Emily Wilson, PhD

Emily Wilson, PhD

Professor, Department of Medical Physiology

Associate Vice President for Faculty Development and IPE

Associate Dean for Faculty Development and IPE

3113 Clinical Building I
8441 Riverside Pkwy
Bryan, TX   77807

Phone: 979.436.9142
Fax: 979.862.4638

Education and Post-Graduate Training

BS, Biology, 1980, Utah State University, Logan, Utah

MS, Biochemistry, 1984,Utah State University, Logan, Utah

PhD, Biochemistry, 1987, Emory University, Atlanta

Research Interests

The goals of my lab are to understand the role of mechanical forces in vascular growth and remodeling processes. Cells within the blood vessel wall are exposed to numerous mechanical forces including fluid shear stress, circumferential wall stress, and axial stress as part of their normal environment and alterations in these parameters plays important roles in the development and progression of vascular pathologies such as atherosclerosis, hypertension and aneurysms. Our experiments are focused on how understanding how vascular smooth muscle cells sense changes in the mechanical environment and how this leads to changes in gene expression and cellular phenotype. To this end we use experimental strategies that range from promoter analysis in cultured cells to in vivo manipulation of mouse models of various vascular diseases. During the course of our studies we have developed methods for culturing mouse carotid arteries under precise mechanical environments to study short term remodeling. Much of our work has focused on the role of the extracellular matrix-integrin-cytoskeletal system in mediating these responses.

Selected Publications

Gleason RL, Gray S, Wilson E and Humphrey JD (2004) A multiaxial computer-controlled organ culture and biomechanical device for mouse carotid arteries. J of Biomech Eng 126: 787-795.

Neiger JD, Crow TY, Partridge CR, Williams ES, Chao JT, Meininger GA, Ramos GA, Wilson E. (2005) Modulation of alpha4 integrin mRNA levels is coupled to deficient in vasomotor function in rat arterioles by allylamine. Life Sci 76: 1895-1905.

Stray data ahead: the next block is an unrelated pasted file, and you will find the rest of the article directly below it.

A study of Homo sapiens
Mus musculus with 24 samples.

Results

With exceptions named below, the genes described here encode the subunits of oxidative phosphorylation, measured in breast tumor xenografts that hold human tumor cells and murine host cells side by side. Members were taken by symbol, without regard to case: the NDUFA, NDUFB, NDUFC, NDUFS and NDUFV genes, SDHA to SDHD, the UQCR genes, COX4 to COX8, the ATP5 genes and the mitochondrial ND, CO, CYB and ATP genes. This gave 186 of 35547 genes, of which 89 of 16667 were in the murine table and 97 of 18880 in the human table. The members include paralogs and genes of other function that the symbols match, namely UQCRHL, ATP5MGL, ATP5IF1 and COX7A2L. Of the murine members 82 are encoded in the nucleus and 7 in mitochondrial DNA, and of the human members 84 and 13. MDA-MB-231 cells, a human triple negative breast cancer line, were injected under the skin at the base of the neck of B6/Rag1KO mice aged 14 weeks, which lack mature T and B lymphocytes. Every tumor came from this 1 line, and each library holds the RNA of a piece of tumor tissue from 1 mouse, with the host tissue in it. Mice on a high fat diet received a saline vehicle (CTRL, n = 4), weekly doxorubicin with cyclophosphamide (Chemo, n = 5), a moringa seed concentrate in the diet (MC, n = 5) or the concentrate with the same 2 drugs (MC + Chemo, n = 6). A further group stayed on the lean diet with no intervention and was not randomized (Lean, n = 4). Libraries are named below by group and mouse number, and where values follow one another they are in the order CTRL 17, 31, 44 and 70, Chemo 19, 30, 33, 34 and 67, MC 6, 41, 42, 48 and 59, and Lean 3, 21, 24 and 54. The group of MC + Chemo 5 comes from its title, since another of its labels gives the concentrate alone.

Partridge CR, Williams ES, Barhoumi R, Tadesse MG, Johnson CD, Lu KP, Meininger GA, Wilson E, Ramos KS. (2005) Novel genomic targets in oxidant-induced vascular injury. J Mol Cell Cardiol 38: 983-96.

Chao JT, Martinez-Lemus L, Kaufman SJ, Meininger GA, Ramos KS, Wilson E. (2005) Modulation of alpha7 integrin-mediated adhesion and expression by platelet-derived growth factor. Am J Physiol Cell Physiol. 2005 Nov 9; [Epub ahead of print] PMID: 16282198 [PubMed - as supplied by publisher]

Gleason RL, Wilson E, Humphrey JD. Biaxial biomechanical adaptations of mouse carotid arteries cultured at altered axial extension. J Biomech. 2006 Jun 1; [Epub ahead of print]

Gui P, Wu X, Ling S, Stotz SC, Winkfein RJ, Wilson E, Davis GE, Braun AP, Zamponi GW, Davis MJ. Integrin receptor activation triggers converging regulation of Cav1.2 calcium channels by c-Src and protein kinase A pathways. J Biol Chem 2006 May 19;281(20):14015-25. Epub 2006 Mar 22.

Wilson E. Alpha 7 beta 1 integrin: putting the brakes on smooth muscle cell proliferation. Circ Res 2007 Sep 28;101(7):651-3.

Hu J-J, Ambrus A, Fossum TW, Miller MW, Humphrey JD, Wilson E. Time courses of growth and remodeling of porcine aortic media during hypertension: a quantitative immunohistochemical examination. J Histol Cytochem exPRESS: December 10, 2007. doi:10.1369/jhc.7A7324.2007.

Dye WW, Gleason RL, Wilson E, Humphrey JD. Altered biomechanical properties of carotid arteries in two mouse models of muscular dystrophy. J Appl Physiol Aug; 103(2):664-672, 2007.

Gleason RL, Dye WW, Wilson E, Humphrey JD. Quantification of the mechanical behavior of carotid arteries from wild-type, dystrophin-deficient, and sarcoglycan-δ knockout mice. J Biomech, 41(15) 3213-3218, 2008.